The problem with most sales training is that it’s set up to fail before you even start. It’s time for a rethink.
I’m guessing your sales kick-off looked a bit different this year. But what about the content? Was it business as usual? I see so many sales kick-offs that are Death By PowerPoint. Put that on Zoom and it’s a recipe for disaster. How can you expect your reps to take anything in?
Sales kick-offs, where companies get all their reps together to talk about their goals for the year ahead, get aligned on new features and spread some motivation, so often fail to bring value. This is because companies take a classroom-based approach to training. Most reps aren’t programmed to learn that way, so they don’t retain as much information as you need them to. Also, companies assume that the training is the only part of the event worth thinking about
In this article, I’ll show you why, when it comes to sales training, you need to get out of the classroom and into the action.
Over the last two years, the most successful training programs we’ve run at SalesWorks are the ones where the leadership team focus on pre-training. They come to us with objectives and we help meet them.
Pre-training is everything from planning, to explaining to your team why it’s important and setting expectations.
In the very best programs, the leadership team will get involved as delegates. They’ll take part in the exercises and really commit to the process. This works well because it motivates the reps and makes them feel invested in the outcome. It also makes them more likely to reinforce the messages across the forthcoming year.
As I mentioned at the start, sales reps don’t learn by being told what to do in a classroom. They don’t engage with endless PowerPoint sessions, especially if what they’re being told isn’t 100% relevant to what they do in their daily lives.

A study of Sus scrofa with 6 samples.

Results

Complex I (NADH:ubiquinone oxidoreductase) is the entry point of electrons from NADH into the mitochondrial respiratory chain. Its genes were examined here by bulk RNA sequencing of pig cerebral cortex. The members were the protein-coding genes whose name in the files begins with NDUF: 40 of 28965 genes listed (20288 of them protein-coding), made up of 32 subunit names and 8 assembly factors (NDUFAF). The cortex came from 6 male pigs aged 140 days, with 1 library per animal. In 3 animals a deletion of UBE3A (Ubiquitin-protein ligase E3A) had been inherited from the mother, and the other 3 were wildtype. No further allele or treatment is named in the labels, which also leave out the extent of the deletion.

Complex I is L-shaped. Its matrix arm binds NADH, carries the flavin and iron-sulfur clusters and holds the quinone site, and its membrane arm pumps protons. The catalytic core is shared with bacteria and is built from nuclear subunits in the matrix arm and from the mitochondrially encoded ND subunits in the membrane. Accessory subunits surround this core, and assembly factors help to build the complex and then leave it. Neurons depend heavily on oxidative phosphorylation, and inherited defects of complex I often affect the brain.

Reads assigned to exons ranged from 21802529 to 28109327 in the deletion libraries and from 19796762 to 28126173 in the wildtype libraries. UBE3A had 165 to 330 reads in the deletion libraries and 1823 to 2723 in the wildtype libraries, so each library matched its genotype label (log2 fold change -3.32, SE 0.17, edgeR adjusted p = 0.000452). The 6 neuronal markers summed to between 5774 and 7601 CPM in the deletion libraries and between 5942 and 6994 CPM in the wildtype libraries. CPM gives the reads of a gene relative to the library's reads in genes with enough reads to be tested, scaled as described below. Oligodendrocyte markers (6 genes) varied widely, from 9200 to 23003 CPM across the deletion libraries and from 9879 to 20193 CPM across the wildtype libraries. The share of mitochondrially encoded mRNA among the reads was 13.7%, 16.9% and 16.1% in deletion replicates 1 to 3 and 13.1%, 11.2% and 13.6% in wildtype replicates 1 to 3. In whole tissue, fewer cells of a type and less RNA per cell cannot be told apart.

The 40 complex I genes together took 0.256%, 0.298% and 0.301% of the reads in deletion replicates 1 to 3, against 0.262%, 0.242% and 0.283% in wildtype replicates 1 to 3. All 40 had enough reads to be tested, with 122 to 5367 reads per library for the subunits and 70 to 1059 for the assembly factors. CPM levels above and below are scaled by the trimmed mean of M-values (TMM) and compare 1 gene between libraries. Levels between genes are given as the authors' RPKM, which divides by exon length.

With the classroom approach, reps only retain between 10% and 20% of the information they’re told. Within a week, they’ll have lost 80% of the skills they picked up during training.
At SalesWorks, we run a 70/20/10 model on our training programs. That’s:
- 70% experiential training – learning by doing
- 20% social learning – group discussions
- 10% formal learning – the classroom
When you make the bulk of your training practical, so reps can apply it to real-life situations, you boost retention and create better outcomes.
The training doesn’t stop when the session ends. After that, it’s all about measurement, retention and reinforcement.
How do you typically measure the success of a training program? Do you evaluate the differences in your reps after they have been through the program? If you don’t, how do you know that your salespeople are saying the right things to your customers?
Post-training, managers need to be accountable for ensuring its ongoing success. They can do this through coaching, gamification or anything else that helps reinforce the training.
Request a consultation to learn more about how SalesWorks can partner with you to improve performance through sales training.